Nahko and Medicine for the People | Electric Ballroom | 21 January 2016
Music, believe Nahko and Medicine for the People, has the power to motivate, inspire, and change. And that’s exactly what it does during the musical collective’s uplifting two-hour show at Camden’s Electric Ballroom.
It’s a party from the off, as the already energised crowd welcome frontman Nahko Bear to the stage with a chorus of “Happy birthday” and set the mood for what turns out to be more celebration than gig. Backed by a five-piece band capable of metamorphosis from Jack Johnson surfer folk to jazzy hip-hop and Dave Matthews Band jams to classic reggae, the singer launches into joyous renditions of their biggest songs.
There’s the jubilantly thought provoking ‘Vultures of Culture’ (complete with high kicks), effervescently inspirational ‘Risk It’, compelling slice of life narrative ‘7 Feathers’ (dedicated to “all the powerful mountains”), rousing ‘On The Verge’, and effortlessly optimistic ‘Nyepi’.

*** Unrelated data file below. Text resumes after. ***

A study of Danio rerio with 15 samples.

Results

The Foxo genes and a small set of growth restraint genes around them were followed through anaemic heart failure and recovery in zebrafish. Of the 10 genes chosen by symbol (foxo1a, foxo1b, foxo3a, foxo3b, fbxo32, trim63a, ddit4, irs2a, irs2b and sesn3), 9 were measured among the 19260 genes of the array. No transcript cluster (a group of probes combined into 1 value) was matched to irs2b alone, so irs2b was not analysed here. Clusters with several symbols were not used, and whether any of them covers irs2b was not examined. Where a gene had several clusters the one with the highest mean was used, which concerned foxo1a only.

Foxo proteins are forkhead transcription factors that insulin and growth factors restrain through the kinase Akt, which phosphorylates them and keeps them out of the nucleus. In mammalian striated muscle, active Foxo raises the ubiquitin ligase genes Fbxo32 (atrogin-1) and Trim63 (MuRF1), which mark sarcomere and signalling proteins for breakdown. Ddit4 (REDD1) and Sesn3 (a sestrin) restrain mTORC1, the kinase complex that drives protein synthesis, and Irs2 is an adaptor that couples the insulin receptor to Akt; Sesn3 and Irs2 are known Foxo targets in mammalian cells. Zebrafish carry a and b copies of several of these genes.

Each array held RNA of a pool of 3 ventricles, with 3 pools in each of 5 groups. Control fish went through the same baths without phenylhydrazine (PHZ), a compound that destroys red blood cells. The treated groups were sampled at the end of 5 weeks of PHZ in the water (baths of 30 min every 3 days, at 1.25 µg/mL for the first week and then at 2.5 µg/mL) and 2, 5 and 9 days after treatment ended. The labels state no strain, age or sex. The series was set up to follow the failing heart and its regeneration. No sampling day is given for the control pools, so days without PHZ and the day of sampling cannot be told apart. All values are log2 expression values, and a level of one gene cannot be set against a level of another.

New song ‘Love Letters to God’, with Nahko accompanied by just his acoustic guitar and a subtle performance from Max Ribner on flugelhorn, drastically lowers the beats per minute but ratchets up the intimacy and, in the process, further strengthens the connection between performer and punter.
But it’s a sweeping, audience-embracing rendition of the sunny ‘Aloha Ke Akua’ (with its “aloha” chorus seemingly designed to induce singing along) and triumphant epic ‘Wash It Away’ that really get everyone going. And that includes the men up on stage. This being a musical collective, each gets a chance to share their talents – whether it’s the fiery solos from Ribner and guitarist Chase Makai during a Jamaican-flavoured medley (‘No Scrubs’ by way of ‘Get Up Stand Up’) or violinist Tim Snider’s use of a loop pedal to create a one-man band.
Most impressive though is Justin Chittams who steps out from behind the drums to lend his soulful voice to songs like Tracy Chapman’s ‘Fast Car’ and Pink Floyd’s ‘Another Brick In The Wall’ while Nahko plays along on his keyboard, sharing the spotlight with as much generosity as he’s shared the love tonight.